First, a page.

Broadview (magazine)

CategoriesChristian denominational
First issue10 June 1925
CompanyObserver Publications Inc.

Broadview is a Canadian magazine focussed on national and international issues of spirituality, social justice, and ethical living, as well as United Church of Canada news and perspectives. Formerly the United Church Observer, the magazine was rebranded as Broadview in April 2019.[1] The publication has a paid circulation of 30,000 copies distributed by subscription and newsstand sales. Broadview and are owned and operated by Observer Publications Inc., a non-profit corporation.


Broadview traces its roots back almost two centuries to The Christian Guardian, founded with Methodist minister Egerton Ryerson as the editor.[1][2] The publication's long history makes it the oldest continuously published magazine in North America and the second oldest in the English-speaking world. The Christian Guardian was regarded as a major voice in the life of a growing country: it commented not only on matters of religion in Canada but education and political affairs. Ryerson went on to serve in government and is credited with founding the public school system in Upper Canada.[3] He also helped develop Canada's Indian residential school system, well-known today to have resulted in devastating outcomes for Indigenous communities.

The United Church of Canada was formed in 1925 through the union of Methodists, Presbyterians and Congregational churches. The publications for each of those denominations, including The Christian Guardian, merged to form The New Outlook.[2]

In 1938, the church's General Council amalgamated The New Outlook with two other church publications, United Church Record and Missionary Review, to form the United Church Observer.[2] In 1986, the publication was independently incorporated. Although the magazine maintains a healthy relationship with The United Church of Canada, it sets its own editorial policies.

The United Church Observer had only five editors in its 80 years: Rev. A.J. Wilson (1939–55); Rev. Al Forrest (1955–79); Hugh McCullum (1980–90); Muriel Duncan (1990–2006); David Wilson (2006-2017) and the current editor, Jocelyn Bell.[4]

In spring 2019, the publication was renamed Broadview with Jocelyn Bell as its editor/publisher.


Observer Publications Inc. is affiliated with The United Church of Canada but was separately incorporated in 1986, and operates independently with its own policies, procedures, and editorial programs.[1][2]

Broadview's ongoing affiliation with The United Church of Canada includes an annual grant that makes up less than seven percent of Broadview's total revenues. The United Church's General Council Executive also elects four directors to the Observer Publications' 11-member Board of Directors. Other details of the two organizations' affiliation are documented in a 2013 legal "Covenant" agreement.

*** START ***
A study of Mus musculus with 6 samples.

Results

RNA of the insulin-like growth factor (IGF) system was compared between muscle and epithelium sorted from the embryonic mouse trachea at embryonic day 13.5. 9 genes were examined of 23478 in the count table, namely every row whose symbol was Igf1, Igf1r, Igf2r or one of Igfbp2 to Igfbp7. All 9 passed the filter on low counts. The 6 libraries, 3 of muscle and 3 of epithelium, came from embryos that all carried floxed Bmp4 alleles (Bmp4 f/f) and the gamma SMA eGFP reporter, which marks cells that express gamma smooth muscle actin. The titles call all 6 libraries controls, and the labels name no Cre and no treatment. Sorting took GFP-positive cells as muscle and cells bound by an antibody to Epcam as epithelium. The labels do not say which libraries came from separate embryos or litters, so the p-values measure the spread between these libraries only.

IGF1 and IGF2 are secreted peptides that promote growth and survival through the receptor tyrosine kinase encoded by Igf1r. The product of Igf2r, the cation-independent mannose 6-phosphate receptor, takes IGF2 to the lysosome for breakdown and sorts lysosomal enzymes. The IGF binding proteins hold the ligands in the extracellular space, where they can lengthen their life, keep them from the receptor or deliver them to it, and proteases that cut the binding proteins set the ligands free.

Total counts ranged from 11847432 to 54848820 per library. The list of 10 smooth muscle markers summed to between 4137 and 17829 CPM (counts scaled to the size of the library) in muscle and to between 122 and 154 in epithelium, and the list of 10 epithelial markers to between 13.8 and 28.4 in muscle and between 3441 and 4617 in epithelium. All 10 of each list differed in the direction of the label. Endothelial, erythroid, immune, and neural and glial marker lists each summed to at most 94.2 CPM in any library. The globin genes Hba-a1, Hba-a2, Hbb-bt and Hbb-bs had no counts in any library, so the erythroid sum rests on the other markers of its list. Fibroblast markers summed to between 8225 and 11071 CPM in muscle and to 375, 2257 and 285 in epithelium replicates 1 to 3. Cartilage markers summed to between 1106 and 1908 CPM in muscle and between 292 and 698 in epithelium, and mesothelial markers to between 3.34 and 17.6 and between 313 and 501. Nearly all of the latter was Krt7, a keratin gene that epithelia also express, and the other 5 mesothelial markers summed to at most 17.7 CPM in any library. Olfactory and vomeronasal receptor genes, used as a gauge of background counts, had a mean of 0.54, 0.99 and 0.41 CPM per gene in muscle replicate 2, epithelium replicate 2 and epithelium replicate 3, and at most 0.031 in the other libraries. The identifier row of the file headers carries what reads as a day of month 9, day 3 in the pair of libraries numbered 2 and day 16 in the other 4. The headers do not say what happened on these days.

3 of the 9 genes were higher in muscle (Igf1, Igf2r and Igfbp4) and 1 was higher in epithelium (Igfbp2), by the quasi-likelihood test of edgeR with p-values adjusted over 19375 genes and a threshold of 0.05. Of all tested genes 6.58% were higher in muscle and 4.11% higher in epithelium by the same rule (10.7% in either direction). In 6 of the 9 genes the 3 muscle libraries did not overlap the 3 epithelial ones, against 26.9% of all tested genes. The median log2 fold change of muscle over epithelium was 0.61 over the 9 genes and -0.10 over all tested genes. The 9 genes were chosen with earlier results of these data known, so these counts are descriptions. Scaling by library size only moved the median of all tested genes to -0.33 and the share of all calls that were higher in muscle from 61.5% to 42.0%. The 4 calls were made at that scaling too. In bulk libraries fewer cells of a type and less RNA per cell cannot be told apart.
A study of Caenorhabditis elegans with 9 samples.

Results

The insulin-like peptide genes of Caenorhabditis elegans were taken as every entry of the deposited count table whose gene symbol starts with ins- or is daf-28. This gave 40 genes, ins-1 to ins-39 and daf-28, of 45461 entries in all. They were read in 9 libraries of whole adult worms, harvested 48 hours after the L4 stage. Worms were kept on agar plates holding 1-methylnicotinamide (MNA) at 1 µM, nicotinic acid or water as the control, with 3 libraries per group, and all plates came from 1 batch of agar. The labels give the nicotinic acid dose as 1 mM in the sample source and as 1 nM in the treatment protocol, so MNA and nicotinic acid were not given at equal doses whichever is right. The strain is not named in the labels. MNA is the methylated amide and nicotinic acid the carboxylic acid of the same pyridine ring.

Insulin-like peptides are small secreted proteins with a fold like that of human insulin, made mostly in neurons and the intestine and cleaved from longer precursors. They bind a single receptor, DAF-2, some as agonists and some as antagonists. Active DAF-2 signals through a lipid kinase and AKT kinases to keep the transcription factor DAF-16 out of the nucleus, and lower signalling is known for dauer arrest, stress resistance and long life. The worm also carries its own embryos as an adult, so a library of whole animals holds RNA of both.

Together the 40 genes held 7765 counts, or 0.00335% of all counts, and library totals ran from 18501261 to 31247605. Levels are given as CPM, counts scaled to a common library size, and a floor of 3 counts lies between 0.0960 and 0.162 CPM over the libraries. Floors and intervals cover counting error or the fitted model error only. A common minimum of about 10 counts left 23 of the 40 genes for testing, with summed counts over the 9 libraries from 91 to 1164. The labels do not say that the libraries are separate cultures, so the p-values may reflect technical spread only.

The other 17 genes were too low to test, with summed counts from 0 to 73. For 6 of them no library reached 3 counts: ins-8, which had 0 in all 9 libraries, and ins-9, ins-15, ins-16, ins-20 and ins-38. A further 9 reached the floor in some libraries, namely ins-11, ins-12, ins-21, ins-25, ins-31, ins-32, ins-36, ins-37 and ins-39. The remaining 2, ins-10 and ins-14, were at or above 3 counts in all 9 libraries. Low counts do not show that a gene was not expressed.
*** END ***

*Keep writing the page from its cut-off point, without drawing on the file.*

Broadview’s editorial pillars are spirituality, ethical living and social justice issues. The publication’s mission is to produce a magazine and digital platforms that serve progressive Christians, as well as those who share progressive Christianity’s core values. “We understand this means being both introspective and outward-looking,” editor/publisher Jocelyn Bell says. “It requires us to examine our beliefs and values, and to live and act accordingly. It calls us to engage deeply with the justice issues of our day — and to believe that hope lies in caring profoundly for one another and for our planet.”[1]

Approximately a quarter of the magazine is devoted to United Church of Canada news and perspectives.


The magazine’s editorial content has won international acclaim for journalistic excellence.

It has garnered more awards than any other denominational publication in Canada, and is one of the most decorated denominational publications in North America.

In 2019 (for content produced in 2018), this included more than 23 awards from the Associated Church Press awards, 21 awards from the Canadian Church Press (including Best in Class), and a nomination from the National Magazine Awards.[5]


  1. ^ a b c d "Who We Are". Broadview Magazine. Retrieved 2019-12-18.
  2. ^ a b c d Gardiola, Christal (Spring 2009). "The Mission". Ryerson Review of Journalism. Archived from the original on 6 July 2011. Retrieved 31 January 2011.
  3. ^ Claude W. Doucet (June 2002). "Egerton Ryerson, 1803–1882". Archives & Special Collections: Ryerson History. Ryerson University. Archived from the original on 6 November 2014. Retrieved 21 September 2014.
  4. ^
  5. ^ "2018 Associated Church Press" (PDF). The Associated Church Press. April 11, 2019.